This is the same mHawk engine and gearbox that’s been lifted from the XUV500. It has been doing duty in that car for some time now, and while it makes 140bhp and 320Nm of torque, it is also coupled to the same six-speed gearbox. You instantly know the difference when you’re off the mark since the low-end torque seems like it is on steroids. Mahindra claims the sixth-gen Borg Warner turbo charger is the reason behind the peppy drive.
While we entirely agree, we also felt that the six-speed gearbox helps matters. Shifting gears is a huge improvement, thanks to the slicker slotting gates and the light clutch. Not only do the gears slot with a positive feel, they slot accurately even when done in a hurry. The combination of the torquey engine and closely stacked gear ratios makes constant downshifting unnecessary to keep up with unless you really need a serious dose of performance. However, the biggest downfall has to be the reverse gear, which quite frankly, is a pain to actuate and the long throw doesn’t help matters either.
Let’s talk more about the power delivery now. It is linear and there’s an abundance of torque right from the word go. A strong surge can be felt kicking-in at about 1400rpm that sees the rpm needle swiftly reach 3500rpm before tapering off at 4200rpm. While the meaty portion of the power-band is obviously wide, we must add that traction is unmistakeably this motor’s strength, which is quite unlike the 120bhp mHawk engine. Our VBox also confirmed this by clocking the 0-100kmph run in 12.73 seconds. Even the 20-80kmph and 40-100kmph drivability tests, recorded in 9.89 seconds and 15.94 seconds respectively, is more than a second faster than the 120bhp mHawk engine, both in terms of outright acceleration and drivability. Keep the accelerator pedal floored and the revs climb all the way to the motor’s 4700rpm redline, but by that time, the motor gets quite noisy.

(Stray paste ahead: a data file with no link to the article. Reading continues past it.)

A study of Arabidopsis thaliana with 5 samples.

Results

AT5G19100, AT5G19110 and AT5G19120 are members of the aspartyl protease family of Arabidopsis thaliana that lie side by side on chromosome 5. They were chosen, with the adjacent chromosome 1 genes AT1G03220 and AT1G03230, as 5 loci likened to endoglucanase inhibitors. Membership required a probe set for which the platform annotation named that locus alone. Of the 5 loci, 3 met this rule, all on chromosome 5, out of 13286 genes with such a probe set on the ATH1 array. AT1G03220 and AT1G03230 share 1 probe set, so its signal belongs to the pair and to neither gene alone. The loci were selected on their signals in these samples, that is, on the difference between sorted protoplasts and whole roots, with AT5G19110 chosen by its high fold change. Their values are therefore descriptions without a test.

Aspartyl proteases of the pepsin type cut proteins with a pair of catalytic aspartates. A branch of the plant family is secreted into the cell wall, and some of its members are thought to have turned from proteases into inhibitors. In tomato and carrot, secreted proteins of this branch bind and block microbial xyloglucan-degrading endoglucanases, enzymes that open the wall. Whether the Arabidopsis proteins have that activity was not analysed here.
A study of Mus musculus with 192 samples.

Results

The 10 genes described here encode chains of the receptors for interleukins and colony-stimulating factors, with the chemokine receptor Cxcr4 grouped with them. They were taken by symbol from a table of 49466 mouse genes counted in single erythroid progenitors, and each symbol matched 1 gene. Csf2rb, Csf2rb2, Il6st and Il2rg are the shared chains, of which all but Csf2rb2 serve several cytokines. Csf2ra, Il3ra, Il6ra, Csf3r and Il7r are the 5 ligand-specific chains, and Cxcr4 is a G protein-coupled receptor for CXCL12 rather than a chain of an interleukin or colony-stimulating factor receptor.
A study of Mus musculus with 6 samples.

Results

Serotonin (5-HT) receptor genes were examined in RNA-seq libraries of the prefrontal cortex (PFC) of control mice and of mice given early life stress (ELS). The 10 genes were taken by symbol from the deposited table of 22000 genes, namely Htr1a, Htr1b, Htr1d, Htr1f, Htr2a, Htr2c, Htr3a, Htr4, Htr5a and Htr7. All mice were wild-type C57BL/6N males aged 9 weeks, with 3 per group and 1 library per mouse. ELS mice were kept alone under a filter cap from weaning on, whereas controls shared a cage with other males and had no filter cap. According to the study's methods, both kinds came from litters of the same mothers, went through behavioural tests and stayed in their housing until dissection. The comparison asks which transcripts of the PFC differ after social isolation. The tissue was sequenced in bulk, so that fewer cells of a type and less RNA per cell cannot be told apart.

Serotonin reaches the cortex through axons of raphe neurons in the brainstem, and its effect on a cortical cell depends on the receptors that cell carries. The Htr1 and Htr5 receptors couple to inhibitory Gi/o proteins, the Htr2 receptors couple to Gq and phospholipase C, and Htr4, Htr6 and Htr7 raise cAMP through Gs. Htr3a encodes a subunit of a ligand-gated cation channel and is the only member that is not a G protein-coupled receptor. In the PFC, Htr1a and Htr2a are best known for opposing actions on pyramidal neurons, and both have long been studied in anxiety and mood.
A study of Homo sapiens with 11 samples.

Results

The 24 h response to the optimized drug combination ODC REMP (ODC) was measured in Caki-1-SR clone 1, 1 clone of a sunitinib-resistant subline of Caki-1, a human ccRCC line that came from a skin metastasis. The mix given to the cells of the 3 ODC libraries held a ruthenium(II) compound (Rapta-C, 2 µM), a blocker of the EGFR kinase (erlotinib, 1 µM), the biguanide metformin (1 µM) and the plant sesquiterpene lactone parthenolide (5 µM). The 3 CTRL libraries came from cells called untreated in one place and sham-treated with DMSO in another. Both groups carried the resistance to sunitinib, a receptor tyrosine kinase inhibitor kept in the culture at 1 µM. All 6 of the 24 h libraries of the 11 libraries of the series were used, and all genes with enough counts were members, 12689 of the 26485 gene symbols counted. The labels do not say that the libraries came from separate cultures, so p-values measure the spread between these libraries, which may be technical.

That said, it is only at the higher revs where you’ll actually hear the engine (with windows rolled up), since Mahindra has optimised the insulation. However, what dampened our high speed driving experience was the excessive wind noise associated with the upright windscreen position. There aren’t any surprises in the ride and handling department since Mahindra has retained the earlier suspension system. So, it continues to drive with the typical ladder-frame SUV traits.
Although, this time around, we felt that the facelifted Scorpio had a slightly more absorbent ride at lower speeds. But if you go over a speed breaker a little fast or over a sharp bump, the rear kicks and it can get uncomfortable for the rear occupants especially. Then, there are the inherent qualities of pitching, constant up-and-down movement and the side-to-side rocking that are present in the facelifted car too. The ride never seems settled until the Scorpio sees a perfectly flat stretch of tarmac.
Let’s talk about the steering now. It feels slightly vague off the dead centre, isn’t particularly quick, and has quite a few turns from lock to lock (making U-Turns a bit of a hand-job). On the flip side, it makes up for these shortcomings by being decently light and progressive, especially while steering through corners at lower speeds. On the other hand, the braking is better than before and this is thanks to Mahindra’s latest braking system, coupled to the 9.1 Bosch ABS system.